Dental implant technology has advanced to the stage where nobody except a dentist can tell the difference between the replacement teeth and the teeth that were there previously. They work just as well, and look and feel the same.
The dentist always tries to preserve natural teeth if possible. Sometimes, however, teeth have to be removed - and of course replaced.
The traditional forms of tooth replacement are dentures and bridges. They have the advantage of not requiring time to heal after treatment, and they are also cheaper in some cases.
Removable dentures rest on soft tissue over the bone, causing pressure which leads to bone deterioration. Since dentures cover large areas of the oral cavity, they can interfere with the sense of taste. And the fewer remaining teeth there are, the less stably dentures are held in place.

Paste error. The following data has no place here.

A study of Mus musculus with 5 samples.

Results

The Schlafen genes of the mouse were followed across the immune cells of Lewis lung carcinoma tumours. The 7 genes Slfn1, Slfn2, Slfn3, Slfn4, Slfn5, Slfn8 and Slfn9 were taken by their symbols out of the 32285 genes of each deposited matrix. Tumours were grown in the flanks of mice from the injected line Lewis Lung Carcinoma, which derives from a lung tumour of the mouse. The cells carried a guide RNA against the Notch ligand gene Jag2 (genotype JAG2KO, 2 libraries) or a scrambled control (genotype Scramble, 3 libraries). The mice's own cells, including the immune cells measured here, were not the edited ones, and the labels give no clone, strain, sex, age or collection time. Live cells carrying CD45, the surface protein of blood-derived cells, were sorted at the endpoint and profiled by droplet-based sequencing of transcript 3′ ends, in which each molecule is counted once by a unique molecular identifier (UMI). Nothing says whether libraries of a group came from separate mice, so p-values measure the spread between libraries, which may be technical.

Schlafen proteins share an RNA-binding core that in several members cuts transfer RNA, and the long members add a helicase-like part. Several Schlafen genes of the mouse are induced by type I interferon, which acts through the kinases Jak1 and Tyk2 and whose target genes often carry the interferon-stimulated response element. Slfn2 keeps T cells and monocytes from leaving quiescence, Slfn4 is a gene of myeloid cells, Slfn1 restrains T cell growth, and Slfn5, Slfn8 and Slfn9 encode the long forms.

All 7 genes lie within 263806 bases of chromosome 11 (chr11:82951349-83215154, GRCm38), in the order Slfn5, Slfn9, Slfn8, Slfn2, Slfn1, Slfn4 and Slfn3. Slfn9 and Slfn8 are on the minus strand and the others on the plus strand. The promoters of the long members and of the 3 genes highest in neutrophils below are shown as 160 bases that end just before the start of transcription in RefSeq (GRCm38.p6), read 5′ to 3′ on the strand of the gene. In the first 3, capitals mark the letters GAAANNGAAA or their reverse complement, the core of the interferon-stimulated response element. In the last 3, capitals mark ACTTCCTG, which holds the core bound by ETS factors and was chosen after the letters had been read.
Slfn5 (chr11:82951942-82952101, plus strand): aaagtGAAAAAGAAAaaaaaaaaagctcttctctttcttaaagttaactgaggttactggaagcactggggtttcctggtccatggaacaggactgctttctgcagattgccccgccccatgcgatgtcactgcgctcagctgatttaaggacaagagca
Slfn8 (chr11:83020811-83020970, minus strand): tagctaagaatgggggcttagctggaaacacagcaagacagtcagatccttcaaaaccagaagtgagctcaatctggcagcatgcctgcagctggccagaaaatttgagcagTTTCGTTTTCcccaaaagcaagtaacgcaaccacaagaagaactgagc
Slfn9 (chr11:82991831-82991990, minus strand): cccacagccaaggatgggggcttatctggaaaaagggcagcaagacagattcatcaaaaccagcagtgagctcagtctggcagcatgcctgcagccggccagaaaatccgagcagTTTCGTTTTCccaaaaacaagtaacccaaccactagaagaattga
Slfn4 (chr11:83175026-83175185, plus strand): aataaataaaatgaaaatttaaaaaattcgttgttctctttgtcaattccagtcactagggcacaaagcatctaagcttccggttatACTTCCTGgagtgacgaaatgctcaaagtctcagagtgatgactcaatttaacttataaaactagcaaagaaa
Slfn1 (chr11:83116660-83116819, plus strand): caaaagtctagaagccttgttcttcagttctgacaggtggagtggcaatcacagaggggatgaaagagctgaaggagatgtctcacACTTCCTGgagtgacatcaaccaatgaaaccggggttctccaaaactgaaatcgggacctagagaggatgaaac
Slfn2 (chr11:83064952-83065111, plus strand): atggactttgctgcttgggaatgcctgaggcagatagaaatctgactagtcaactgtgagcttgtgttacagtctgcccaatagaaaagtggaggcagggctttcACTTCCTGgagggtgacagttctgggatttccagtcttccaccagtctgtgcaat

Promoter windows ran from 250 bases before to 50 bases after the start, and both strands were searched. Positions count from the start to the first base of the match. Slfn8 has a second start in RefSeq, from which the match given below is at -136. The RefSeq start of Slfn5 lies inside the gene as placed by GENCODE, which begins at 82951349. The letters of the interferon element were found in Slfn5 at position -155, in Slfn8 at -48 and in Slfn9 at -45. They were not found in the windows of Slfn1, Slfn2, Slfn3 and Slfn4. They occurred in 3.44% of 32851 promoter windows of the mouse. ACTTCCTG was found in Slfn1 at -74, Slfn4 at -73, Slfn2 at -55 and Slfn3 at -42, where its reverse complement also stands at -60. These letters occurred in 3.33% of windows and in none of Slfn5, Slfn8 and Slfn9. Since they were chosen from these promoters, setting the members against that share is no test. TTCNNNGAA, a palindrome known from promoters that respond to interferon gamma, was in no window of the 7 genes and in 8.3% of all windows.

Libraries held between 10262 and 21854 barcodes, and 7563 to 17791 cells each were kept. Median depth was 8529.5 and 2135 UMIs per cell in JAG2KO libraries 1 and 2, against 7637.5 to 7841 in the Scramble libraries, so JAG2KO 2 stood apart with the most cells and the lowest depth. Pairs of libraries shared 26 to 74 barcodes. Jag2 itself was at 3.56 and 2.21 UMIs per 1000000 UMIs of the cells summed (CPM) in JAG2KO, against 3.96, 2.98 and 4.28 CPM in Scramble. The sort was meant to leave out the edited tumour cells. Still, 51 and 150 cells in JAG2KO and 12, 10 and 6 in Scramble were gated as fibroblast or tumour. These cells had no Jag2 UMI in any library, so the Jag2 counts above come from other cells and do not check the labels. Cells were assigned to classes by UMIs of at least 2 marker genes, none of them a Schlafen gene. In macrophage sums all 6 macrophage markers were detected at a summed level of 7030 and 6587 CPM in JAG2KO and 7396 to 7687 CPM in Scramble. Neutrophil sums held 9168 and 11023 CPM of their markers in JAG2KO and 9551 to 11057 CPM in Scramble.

Bridges are supported by the teeth on each side, In order to fit the bridge, these teeth have to be ground down and capped, potentially reducing their lifetime. There may also be a need for root canal treatment. The bridge may also overload the supporting teeth, another source of risk
Dental implants offer the most biologically sound form of restoration. Unlike removable dentures, there is no sense of having a foreign body in your mouth, you can talk and chew with no worries, taste your food properly, and your teeth all look completely natural. The jawbone also stays healthier without the pressure of dentures.
The procedure may involve several steps and some healing time after the implant is inserted. Unlike bridges, however, implants need no support from your own teeth, which are left completely intact. Implants are also providing many more options for the final replacements.